When 24-year-old Warren Buffett received a phone call offering him a job in New York City, he accepted without asking about the salary.

It was arguably the smartest – and most profitable – decision he ever made.

That’s because Buffett knew the man who had just employed him – a man he studied under at Columbia University – held the proverbial keys to the kingdom.

His name was Benjamin Graham.

Years earlier, Buffett had offered to work for Graham for free. But Buffett was kindly turned down.

Years later, he finally got his wish (and with pay).

Even so, Buffett’s life was about to change in ways even he could not foresee.

For Graham was about to teach him something far greater: how to translate his knowledge into an abundance of riches.

The Godfather of Investment Analysis

Graham was a phenomenal figure in the history of investing. But his importance stretches beyond his relationship with Buffett.

Graham founded the value investing school. But he also gave birth to the field of security analysis.

He established himself as a first-class investor during his years managing the Graham-Newman Corporation with his business partner, Jerome Newman.

The firm had an annualized return of 21%, compared with the market’s 12% rate of return.

But the firm’s great success was due to Graham’s insight, which was the foundation of the firm’s investment strategy.

It was summarized in the firm’s 1946 shareholder letter: “To purchase securities at prices less than their intrinsic value… with particular emphasis on purchase of securities at less than their liquidating value.”

But the struggle of analysts has always been to determine a company’s intrinsic value.

Calculating the intrinsic value of a company requires thorough analysis. But such analysis is not always easy in a fast-paced market.

Graham knew that it was helpful to have a “guesstimate”… a simple method for estimating a company’s value on the fly.

In his book Security Analysis, Graham laid out his original pen-and-paper formula.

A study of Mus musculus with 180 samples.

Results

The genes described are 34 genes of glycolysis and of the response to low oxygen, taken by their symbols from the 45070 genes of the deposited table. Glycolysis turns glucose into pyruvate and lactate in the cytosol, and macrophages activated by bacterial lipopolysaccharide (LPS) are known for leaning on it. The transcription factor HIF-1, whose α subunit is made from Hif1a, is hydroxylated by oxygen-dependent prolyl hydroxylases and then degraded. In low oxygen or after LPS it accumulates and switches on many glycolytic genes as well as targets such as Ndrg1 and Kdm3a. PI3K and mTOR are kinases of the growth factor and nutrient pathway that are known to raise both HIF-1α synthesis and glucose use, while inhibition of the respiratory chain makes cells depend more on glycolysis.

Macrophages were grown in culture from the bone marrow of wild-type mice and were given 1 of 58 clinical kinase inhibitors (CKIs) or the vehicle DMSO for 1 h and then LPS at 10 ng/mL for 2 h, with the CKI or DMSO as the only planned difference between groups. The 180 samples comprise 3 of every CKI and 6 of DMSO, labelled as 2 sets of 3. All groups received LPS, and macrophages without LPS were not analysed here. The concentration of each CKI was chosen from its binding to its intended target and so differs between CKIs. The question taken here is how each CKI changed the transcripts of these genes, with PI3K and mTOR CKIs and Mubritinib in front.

Intrinsic Value = EPS x (8.5 + 2g)

EPS stands for earnings per share…

The average price-to-earnings for non-growth stocks at the time was 8.5…

And “g” represents the long-term growth outlook of the company.

Once you plug in the numbers, the formula hands you an intrinsic value estimate. Then, all you do is purchase stocks trading at discounts to their true values.

But despite the success this formula handed Graham and his followers…

Almost no one uses it today.

Investment analysis has become a more complicated and competitive field. Most successful value investors have developed their own approaches to measuring value.

In fact, Graham himself noted that his formula was not perfect. He made revisions to the formula over time, acknowledging its flaws.

Even so, the principles and strategies of Graham still live today. And the basic idea of buying stocks below their true values is as important as it’s ever been…

Especially in today’s market.

As Chief Investment Strategist Alexander Green reported previously, stocks are currently trading above their historic average price-to-earnings ratios.

“That doesn’t mean the market’s about to go down,” said Alex. “But what it does mean is that companies that are trading at a much more attractive discount… are certainly set to provide much better performance going forward.”

The fact is this is an ideal time to buy value stocks… and the market knows it.

The recent wave of capital pouring into value funds – especially during the first half of this year – compared with the flow into growth funds is proof positive of that.

But no matter what stage of the market cycle we’re in, it goes without saying that overpaying is a bad way to invest.

Know the value of what you buy, and pay at as great a discount as possible.